Anthony Rolfe Johnson dies, aged 69
26 July 2010, London, UK
Anthony Rolfe Johnson
British tenor Anthony Rolfe Johnson has died, aged 69, following a long battle with Alzheimer’s.
Johnson came to music relatively late in life, starting out as a farmer before deciding to change direction. Throughout the 1970s and 1980s he was recognised as one of the leading English tenors of his generation, performing and recording prolifically before illness forced him to stop.
A student of Richard Lewis and Peter Pears, Johnson’s career included all of the major operatic roles and song cycles written by Britten for Pears. He was also active as a teacher at the Britten-Pears School in Suffolk, and went on to be appointed as the director of the School in 1990.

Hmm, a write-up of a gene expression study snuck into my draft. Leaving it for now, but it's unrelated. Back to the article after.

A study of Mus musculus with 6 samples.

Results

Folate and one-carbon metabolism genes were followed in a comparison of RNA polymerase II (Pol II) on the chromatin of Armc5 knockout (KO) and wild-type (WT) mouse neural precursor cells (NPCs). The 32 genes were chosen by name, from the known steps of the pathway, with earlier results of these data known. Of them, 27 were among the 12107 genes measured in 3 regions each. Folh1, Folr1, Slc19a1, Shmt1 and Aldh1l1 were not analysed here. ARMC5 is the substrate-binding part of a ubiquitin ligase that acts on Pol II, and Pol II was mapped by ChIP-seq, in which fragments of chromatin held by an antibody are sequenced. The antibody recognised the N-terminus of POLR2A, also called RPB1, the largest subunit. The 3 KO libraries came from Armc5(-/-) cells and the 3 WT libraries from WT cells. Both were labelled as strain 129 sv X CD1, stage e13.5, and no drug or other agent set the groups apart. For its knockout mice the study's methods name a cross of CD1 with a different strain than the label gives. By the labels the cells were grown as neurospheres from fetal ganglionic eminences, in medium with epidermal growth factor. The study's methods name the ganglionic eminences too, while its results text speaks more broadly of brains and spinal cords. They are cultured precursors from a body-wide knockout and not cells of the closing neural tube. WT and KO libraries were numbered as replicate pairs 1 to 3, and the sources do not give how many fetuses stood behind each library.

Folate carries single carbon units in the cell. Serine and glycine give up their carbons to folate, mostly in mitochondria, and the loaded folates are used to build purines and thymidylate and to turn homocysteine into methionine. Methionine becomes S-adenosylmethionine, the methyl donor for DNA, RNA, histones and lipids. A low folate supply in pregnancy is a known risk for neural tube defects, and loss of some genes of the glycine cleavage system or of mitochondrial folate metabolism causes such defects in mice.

Johnson’s approach to vocal colouring and articulation, coupled with his own enormous emotional range, made him a natural successor to Pears. In particular, Johnson was a formidable interpreter of the role of Aschenbach from Britten’s Death in Venice, which he first performed in the 1983 co-production by Scottish Opera and Geneva Opera, then later at New York’s Metropolitan Opera.
Other operatic roles in which Johnson excelled included the Evangelist from Bach’s St John and St Matthew Passions, Debussy’s Pelléas and Mozart’s Idomeneo. He became the tenor of choice for several recordings by Nikolaus Harnoncourt and Sir John Eliot Gardiner and was a founder-member of Graham Johnson’s Songmakers’ Almanac.
Anthony Rolfe Johnson was appointed a CBE in the 1992 Queen's Birthday Honours list.